The National Catholic Review

The Good Word

  • One had to wonder, what wasn’t there to like? For half a century, because it had gained its capital in Rome by seizing the Papal States, the Catholic Church had refused to recognize the new state of Italy. In official church teaching, one couldn’t be a good Catholic and a good Italian. Popes, who occupied the Chair of Peter, had lived as virtual prisoners of the Vatican. Once elected, they never left its walls, didn’t even appear at its windows. And so, to church leaders, Benito Mussolini,...

  • This is the first entry in the Bible Junkies Online Commentary on the Acts of the Apostles. This will be a challenging commentary to take on in an online format because there are numerous technical issues associated with the text of the Acts of the Apostles which are not at the heart of this online commentary project and its goals, but which must be considered or at least noted for those who are interested in further and deeper study.

  • We see life’s most important scenes more fully through the lenses of time and memory. Sometimes there’s a surfeit in the original spectacle, too many rich details to absorb. With the distance of years, they come into focus, and we recognize their import.

  • One would think that being a cloistered Carmelite nun, vowed to poverty, chastity and obedience, and living a life of prayer and silence would be enough, but Thérèse of Lisieux was genuinely uneasy one day in prayer. She began to flip through her Bible. In the late 19th century, that wasn’t a typical expression of piety, even for a religious. This was long before the Second Vatican Council urged individuals to read Scripture. What was she looking for?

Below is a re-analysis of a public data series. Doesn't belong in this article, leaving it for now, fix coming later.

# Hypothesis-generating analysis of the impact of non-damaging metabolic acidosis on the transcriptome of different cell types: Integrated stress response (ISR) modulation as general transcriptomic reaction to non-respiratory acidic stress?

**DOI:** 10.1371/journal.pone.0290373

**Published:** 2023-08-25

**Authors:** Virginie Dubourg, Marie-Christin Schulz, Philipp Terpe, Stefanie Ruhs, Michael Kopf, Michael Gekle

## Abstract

• New York City, a suite on the 22nd floor of West 66th Street, ABC’s corporate headquarters. Network President Ben Sherwood is berating a table of execs from creative. “People, let me paint the picture. The CW’s Arrow is so successful they’re spinning off The Flash. Fox already has a headless horseman on Sleepy Hollow and is launching Gotham, a Batman prequel with a suddenly sexy Commissioner Gordon. TNT is getting reading to do Titans,...

  • In the Light of What We Know is both a well-worn phrase and the title of an intellectually intriguing debut novel. A story of international politics and finance, it’s by a British author of Bangladeshi origin, Zia Haider Rahman (2014). One day, on the narrator’s doorstep, a...

  • About one third of the world’s population is Christian. Each year, more than 25 million people are baptized into the life, death and resurrection of Jesus Christ. And each year, about 100,000 Christians are martyred, coming to share fully in the death of Christ.

  • There was an article in Salon.com on September 1, 2014 titled 5 Reasons to Suspect that Jesus never Existed. This is problematic, if true, for scholars of the historical Jesus, but more problematic for the millions upon millions of people who believe in Jesus not just as a human being but also as a divine being.

  • In the first entry in the Bible Junkies Online Commentary on Galatians, I discussed introductory matters concerning the founding of the churches to the Galatians, the situation when Paul wrote to them, when the letter might have been written and the type of letters which Paul wrote, based on the common Greco-Roman letters of his day.

  • Most famous people have a least one or two lines they should hope that history forgets. For the evangelist Frank Buchman, one of those has to be, “I thank heaven for a man like Adolf Hitler.” It’s not that the evangelist, who had done such effective work with the YMCA, thought that Hitler was a good man. He didn’t, but Buchman did admire the Fascist style of leadership. He thought that, if only Hitler would embrace Jesus Christ as his personal savior, all might be well.